Maryland law schools are offering more opportunities to learn about in-house counsel jobs in response to increasing interest among students to enter the corporate world.

“It’s a trend in the legal market,” said D. Jill Green, associate director for law career development at the University of Baltimore School of Law. “As the law firm market shrinks a little bit more, we are seeing an uptick on the corporate counsel end. I have seen that over time.”

Reasons for the interest in in-house jobs span from the limited job market to more students concentrating in labor and employment law, Green said. Jason L. Groves, executive vice president and general counsel at Medifast, Inc., a weight-loss company based in Owings Mills, said he thinks many students are attracted to the corporate lifestyle with its regular work hours.

“I think the newer generation of younger people are more geared toward that than billable hours and the legal work week,” Groves said.

At the University of Baltimore School of Law, no classes focus solely on corporate counsel skills, but increasing numbers of students have been taking in-house internships through an internship class at the school.

A few years ago, only two students in the class went to in-house counsel positions each semester. Now the university has at least 13 companies that regularly take interns from the school, Green said.

Groves took one intern, Erika Sealing, 27, a third-year UB law student, in December. Sealing said she did not know anything about working as an in-house counsel before her internship, but said she is now considering a career in the field.

“After being here, I’ve been bitten by the bug,” Sealing said. “I see the light. This type of work environment is extremely gratifying. The challenges are real. They are immediate, and they are very, very interesting.”

Groves said he thinks law school classes often don’t prepare students enough for corporate counsel positions.

“I think a really important part of the profession unfortunately gets overlooked,” Groves said. “A lot tends to focus on the direct litigation style without a focus on corporate counsel.”

Sealing said she thought in-house skills she learned at Medifast were not available in the classes she had taken so far.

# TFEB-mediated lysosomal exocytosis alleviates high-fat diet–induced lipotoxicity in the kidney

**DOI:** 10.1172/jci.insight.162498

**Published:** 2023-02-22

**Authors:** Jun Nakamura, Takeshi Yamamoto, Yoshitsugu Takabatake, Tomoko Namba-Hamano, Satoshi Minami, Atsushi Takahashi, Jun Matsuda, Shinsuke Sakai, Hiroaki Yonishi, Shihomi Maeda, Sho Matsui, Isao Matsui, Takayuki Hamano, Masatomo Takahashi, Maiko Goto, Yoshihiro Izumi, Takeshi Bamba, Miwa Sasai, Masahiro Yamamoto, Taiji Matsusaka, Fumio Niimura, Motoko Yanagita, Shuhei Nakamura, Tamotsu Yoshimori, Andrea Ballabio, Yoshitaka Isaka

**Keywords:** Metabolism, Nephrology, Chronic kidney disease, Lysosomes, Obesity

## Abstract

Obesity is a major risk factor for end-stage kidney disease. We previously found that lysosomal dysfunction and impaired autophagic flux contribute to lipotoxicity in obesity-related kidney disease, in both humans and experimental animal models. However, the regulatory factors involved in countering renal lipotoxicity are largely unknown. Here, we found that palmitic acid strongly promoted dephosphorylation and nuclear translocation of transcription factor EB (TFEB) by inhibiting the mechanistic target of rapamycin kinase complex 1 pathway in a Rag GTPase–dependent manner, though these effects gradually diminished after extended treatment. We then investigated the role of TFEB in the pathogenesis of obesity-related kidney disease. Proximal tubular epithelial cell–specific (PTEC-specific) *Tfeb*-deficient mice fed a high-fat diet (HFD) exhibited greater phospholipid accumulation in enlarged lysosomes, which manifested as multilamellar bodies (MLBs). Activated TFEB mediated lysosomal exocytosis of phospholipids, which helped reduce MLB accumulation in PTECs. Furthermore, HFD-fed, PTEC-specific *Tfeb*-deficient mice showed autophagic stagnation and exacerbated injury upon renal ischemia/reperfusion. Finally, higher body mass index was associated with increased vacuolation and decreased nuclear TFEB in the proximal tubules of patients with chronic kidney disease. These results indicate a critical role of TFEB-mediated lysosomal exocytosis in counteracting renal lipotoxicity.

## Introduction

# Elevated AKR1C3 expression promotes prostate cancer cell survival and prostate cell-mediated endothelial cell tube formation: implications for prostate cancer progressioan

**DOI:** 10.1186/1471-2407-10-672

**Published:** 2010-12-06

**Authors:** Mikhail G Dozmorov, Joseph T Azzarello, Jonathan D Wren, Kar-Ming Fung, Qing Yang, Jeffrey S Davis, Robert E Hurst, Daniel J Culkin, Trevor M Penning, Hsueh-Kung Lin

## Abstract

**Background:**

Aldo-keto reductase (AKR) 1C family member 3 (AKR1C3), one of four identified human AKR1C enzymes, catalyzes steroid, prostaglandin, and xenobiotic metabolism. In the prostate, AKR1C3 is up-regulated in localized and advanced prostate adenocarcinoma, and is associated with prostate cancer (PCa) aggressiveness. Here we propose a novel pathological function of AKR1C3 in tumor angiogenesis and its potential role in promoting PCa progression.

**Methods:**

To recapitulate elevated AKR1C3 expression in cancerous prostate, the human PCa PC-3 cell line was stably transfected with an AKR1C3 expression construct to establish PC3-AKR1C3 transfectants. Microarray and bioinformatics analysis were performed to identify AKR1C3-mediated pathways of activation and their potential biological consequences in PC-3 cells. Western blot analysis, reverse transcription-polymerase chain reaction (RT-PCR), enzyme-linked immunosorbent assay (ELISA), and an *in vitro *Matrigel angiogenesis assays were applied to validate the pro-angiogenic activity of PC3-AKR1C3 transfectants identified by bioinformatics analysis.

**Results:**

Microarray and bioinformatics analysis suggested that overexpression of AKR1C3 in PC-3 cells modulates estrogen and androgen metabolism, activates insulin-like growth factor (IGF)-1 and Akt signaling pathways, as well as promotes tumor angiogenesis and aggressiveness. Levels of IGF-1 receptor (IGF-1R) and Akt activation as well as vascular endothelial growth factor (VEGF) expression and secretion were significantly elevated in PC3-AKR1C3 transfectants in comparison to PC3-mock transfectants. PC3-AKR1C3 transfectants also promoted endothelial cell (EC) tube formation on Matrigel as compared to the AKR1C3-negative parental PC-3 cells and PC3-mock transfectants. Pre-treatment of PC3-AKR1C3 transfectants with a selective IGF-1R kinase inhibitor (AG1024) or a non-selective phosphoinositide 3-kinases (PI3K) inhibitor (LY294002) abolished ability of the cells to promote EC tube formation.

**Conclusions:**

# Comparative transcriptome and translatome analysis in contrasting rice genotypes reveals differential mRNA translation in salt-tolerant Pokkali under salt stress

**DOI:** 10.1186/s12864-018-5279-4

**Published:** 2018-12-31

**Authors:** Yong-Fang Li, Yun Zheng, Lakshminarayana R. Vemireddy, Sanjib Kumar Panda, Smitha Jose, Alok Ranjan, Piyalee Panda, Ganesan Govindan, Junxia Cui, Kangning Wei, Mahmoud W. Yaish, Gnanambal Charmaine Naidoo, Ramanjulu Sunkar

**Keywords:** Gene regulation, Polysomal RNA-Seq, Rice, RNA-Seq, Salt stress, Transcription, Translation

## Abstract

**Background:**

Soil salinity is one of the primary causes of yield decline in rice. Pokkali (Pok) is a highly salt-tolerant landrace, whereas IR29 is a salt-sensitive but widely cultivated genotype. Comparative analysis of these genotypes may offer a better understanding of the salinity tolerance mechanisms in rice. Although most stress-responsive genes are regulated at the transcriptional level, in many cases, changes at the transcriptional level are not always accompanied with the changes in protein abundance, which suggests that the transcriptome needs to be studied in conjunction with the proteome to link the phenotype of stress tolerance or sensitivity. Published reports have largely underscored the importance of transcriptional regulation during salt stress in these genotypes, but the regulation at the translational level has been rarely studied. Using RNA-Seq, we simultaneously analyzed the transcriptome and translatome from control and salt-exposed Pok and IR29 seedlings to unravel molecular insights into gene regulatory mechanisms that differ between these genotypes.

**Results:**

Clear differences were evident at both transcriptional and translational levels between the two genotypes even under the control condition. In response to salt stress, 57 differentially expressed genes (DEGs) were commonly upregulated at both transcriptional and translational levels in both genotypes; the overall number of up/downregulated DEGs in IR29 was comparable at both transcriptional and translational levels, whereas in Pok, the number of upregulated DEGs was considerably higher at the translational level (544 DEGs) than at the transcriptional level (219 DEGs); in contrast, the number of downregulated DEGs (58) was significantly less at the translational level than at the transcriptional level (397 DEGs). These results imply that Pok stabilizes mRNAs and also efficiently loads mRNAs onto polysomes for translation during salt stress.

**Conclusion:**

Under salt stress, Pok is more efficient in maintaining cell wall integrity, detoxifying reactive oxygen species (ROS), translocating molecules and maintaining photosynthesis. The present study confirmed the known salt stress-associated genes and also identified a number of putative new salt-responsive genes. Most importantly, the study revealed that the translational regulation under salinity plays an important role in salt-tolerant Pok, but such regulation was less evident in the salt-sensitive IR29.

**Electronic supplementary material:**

“I think the law school is getting better, but I don’t think that’s where their focus is,” Sealing said. “There really isn’t a lot of focus on that in-house corporate kind of environment. If I didn’t do this internship, I wouldn’t even know where to start.”

The University of Baltimore School of Law also offers a shadow day for students to go to a company and follow a general counsel for the day, Green said. This year, 16 students participated, compared with 11 the previous year.

The law school hosts a monthly trip to a lunch hosted by the Baltimore chapter of the Association of Corporate Counsel. Green said three years ago, she would send an email about the opportunity to students and would get one or two replies. Now, there is a waitlist, she said.

At the University of Maryland Francis King Carey School of Law, there are also are no designated corporate counsel courses, but the school started offering a business law boot camp last year. In its first year, about 30 students participated in the boot camp, and this fall, 90 have enrolled, a number the school had to cap, said Michelle Harner, co-director of the school’s business law program.

Within the boot camp, there is an in-house counsel segment that is being offered for the first time this year, Harner said

“It will introduce students to what it means to be an in-house counsel and the challenges of in-house lawyers,” Harner said. “When you are in-house, you have obligations other lawyers have, but you have them for one client. There are wonderful benefits and wonderful challenges.”

In the segment, students will participate in a simulation where an issue is raised and they have to think through how an in-house counsel would deal with the problem, said Sheldon Krantz, a visiting professor at the school, who is teaching the segment.

“I do think that law schools, for the most part, do not have much to offer in the way of what it’s like to be an in-house counsel and what the various pressures are on an in-house counsel,” Krantz said. “It was with that in mind that we decided to add the segment to boot camp.”

Harner said because so many students enrolled in the boot camp this year, the school may offer it both semesters in the future.

“There is an increased interest, which I think is very exciting, and we can see where it goes from here,” Harner said.

The school also started offering a business law concentration in fall 2011 and graduated its first two students in the program this spring. About 20 will graduate with the concentration next year, Harner said.

While more students may want to go directly in-house, Groves also cautioned that it is essential for an attorney to gain experience as a lawyer in a private firm before transitioning into a general counsel position.

“It’s hard to appreciate the corporate counsel lifestyle if you have not spent time out in the trenches and in the field where most lawyers are doing work,” Groves said. “It’s hard to supervise something if you have never done it before.”